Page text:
Call it a Chutney or a Raita, this 5-Minute Yogurt Mint Chutney or Pudina Raita is zesty, spicy, and easy to make. Pairs beautifully with your pulao, biryanis, and barbecue alike.
This isn't something I grew up making. I grew up devouring it, but learnt how to make it later in life from my sister in law whose a phenomenal cook because every time she makes it I basically drink it.
Does mine taste exactly like hers? Absolutely not.
Is it still damn good? Absolutely yes.
What does this Pudina Raita taste like?
This Yogurt Mint Chutney or Mint Raita is an improved take on the subdued version often served at restaurants in the tiniest container possible. (What is up with that anyway?)
It is fresh tasting because of the mint and yoghurt, tangy from that hit of garlic, with a clean bright assertive spice from the chilies, and a smoky undertone from the cumin powder. A little cilantro tempers the one note brightness of mint.
Is this a chutney or a raita?
People get very riled up about this, but to me it's a po-tay-to pa-tah-to thing. As in it's semantics. I will say when I eat it with barbecue it feels like a chutney and when I copiously drown my rice in it then it feels like a raita!
Ingredients in Pudina ka Raita (Mint Raita)
- Green Chilies
- Cumin Powder
FAQ: Can you omit the cilantro? Yes. It will give you a sharper brighter taste, still delicious. What about the garlic? Yes, but that tanginess is so good here, try it at least once!
How to make this Green Raita/ Chutney
My technique for this raita is inspired by the one I use in my Chicken Paratha rolls. I personally like a thicker consistency in my chutneys and raita. It feels more satisfying than the runnier version, so I make a base chutney in a blender, and then adjust with yoghurt and water.
TIP: Before you start you can make quick work of separating your mint leaves from the hardier part of the stalks by running the stalks through a colander.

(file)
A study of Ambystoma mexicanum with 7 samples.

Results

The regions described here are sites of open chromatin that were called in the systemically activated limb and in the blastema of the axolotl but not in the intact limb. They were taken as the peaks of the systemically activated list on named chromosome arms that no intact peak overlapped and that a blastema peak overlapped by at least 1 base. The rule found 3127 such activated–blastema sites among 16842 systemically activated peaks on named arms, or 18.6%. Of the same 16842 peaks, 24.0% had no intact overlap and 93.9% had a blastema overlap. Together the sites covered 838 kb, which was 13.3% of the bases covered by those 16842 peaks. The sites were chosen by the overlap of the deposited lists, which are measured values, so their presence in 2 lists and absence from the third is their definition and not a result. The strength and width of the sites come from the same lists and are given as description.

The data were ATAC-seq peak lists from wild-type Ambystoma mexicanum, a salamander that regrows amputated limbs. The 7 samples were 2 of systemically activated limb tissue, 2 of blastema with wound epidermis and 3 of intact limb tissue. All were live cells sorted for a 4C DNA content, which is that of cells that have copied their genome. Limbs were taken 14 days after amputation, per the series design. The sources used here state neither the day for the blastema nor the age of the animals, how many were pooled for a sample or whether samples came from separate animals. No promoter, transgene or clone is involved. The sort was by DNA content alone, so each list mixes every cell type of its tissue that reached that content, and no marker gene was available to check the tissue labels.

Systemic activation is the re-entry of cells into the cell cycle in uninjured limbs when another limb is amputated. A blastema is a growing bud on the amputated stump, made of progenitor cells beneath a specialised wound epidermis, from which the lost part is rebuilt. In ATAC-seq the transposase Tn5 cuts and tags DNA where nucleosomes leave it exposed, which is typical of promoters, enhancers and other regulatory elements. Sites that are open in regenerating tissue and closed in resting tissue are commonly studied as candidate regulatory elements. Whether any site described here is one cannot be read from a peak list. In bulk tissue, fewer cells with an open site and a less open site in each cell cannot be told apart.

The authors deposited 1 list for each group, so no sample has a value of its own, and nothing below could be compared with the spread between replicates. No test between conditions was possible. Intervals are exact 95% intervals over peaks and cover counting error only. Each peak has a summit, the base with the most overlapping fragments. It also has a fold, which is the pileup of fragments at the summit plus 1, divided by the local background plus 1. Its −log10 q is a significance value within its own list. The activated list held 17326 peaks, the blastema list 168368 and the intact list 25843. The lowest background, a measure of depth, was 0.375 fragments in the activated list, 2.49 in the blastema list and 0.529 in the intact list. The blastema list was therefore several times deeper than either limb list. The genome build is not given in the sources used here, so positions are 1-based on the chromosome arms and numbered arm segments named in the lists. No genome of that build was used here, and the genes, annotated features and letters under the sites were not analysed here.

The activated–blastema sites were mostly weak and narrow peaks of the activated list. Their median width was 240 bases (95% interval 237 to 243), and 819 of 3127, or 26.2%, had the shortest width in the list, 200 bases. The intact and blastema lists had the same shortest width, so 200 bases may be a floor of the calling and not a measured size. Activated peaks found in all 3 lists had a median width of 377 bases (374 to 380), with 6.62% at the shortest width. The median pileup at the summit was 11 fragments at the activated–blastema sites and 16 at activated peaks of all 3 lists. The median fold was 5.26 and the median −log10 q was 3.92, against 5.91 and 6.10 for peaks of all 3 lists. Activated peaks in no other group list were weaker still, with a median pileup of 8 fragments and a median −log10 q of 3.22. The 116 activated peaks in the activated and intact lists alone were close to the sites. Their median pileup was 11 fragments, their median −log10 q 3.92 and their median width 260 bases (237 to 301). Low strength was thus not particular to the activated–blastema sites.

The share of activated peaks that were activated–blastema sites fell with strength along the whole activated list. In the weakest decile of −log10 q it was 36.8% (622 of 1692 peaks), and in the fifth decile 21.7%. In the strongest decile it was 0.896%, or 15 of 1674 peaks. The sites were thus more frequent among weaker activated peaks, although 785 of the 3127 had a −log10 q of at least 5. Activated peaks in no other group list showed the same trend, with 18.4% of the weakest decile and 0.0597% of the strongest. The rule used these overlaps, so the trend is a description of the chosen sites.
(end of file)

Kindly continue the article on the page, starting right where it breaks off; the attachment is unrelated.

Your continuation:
Take your chutney ingredients and 2-3 tbsp of the yoghurt and puree them in a mini blender.
When you are ready to eat your raita then you can mix the remainder of the 1 cup of dahi into the chutney base. Whisk well and then thin out to desired consistency and adjust salt.
Garnish with additional mint leaves and a sprinkle of cumin powder.
What do I eat this Yogurt Mint Raita with?
There is something about this zesty spicy concoction that I also truly adore with the mellow heartiness of a Chicken Pulao, Chana Pulao, Tehri, or even a Yakhni Pulao. It also is incredibly good with the aromatic White Chicken Biryani.
Yes, this raita is my "I put this on everything". I also apparently shoot pictures doing it.
As a quick note, many of the above recipes contain a variation on a green raita in the blog post itself. Many of you have made those iterations and can absolutely stick to them, but I would recommend giving this one a go at least once!
Made this recipe? Please review it below!
Yogurt Mint Chutney or Pudina Raita
- 1 mini blender
- 10 g mint leaves (about ⅔ a bunch)
- 5 g cilantro (bottom of the stalks torn off)
- 3 green chilies
- 1 cup yogurt
- ¾ tsp salt
- 1 tsp cumin powder roasted is lovely if you have it!
- 1 clove garlic (¼ tsp paste)
- Put all the ingredients in the blender but ONLY 3 tbsp of the yogurt. Puree till smooth.
- I tend to use it in two batches, but for one big batch whisk the remainder of the 1 cup yoghurt into the chutney base.
- Thin it out - I like ¼ cup water for a thicker raita, and adjust salt. The more you thin it out the more salt you may need!
- spice levels will vary which is why it's also nice to be able to adjust the chutney to taste with dahi. I like a big hit of flavour in mine but if you are not a bring on the chilies person then feel free to drop the green chilies to 2.
- you can make the base ahead and keep it in the fridge, but it is best used within 4 days.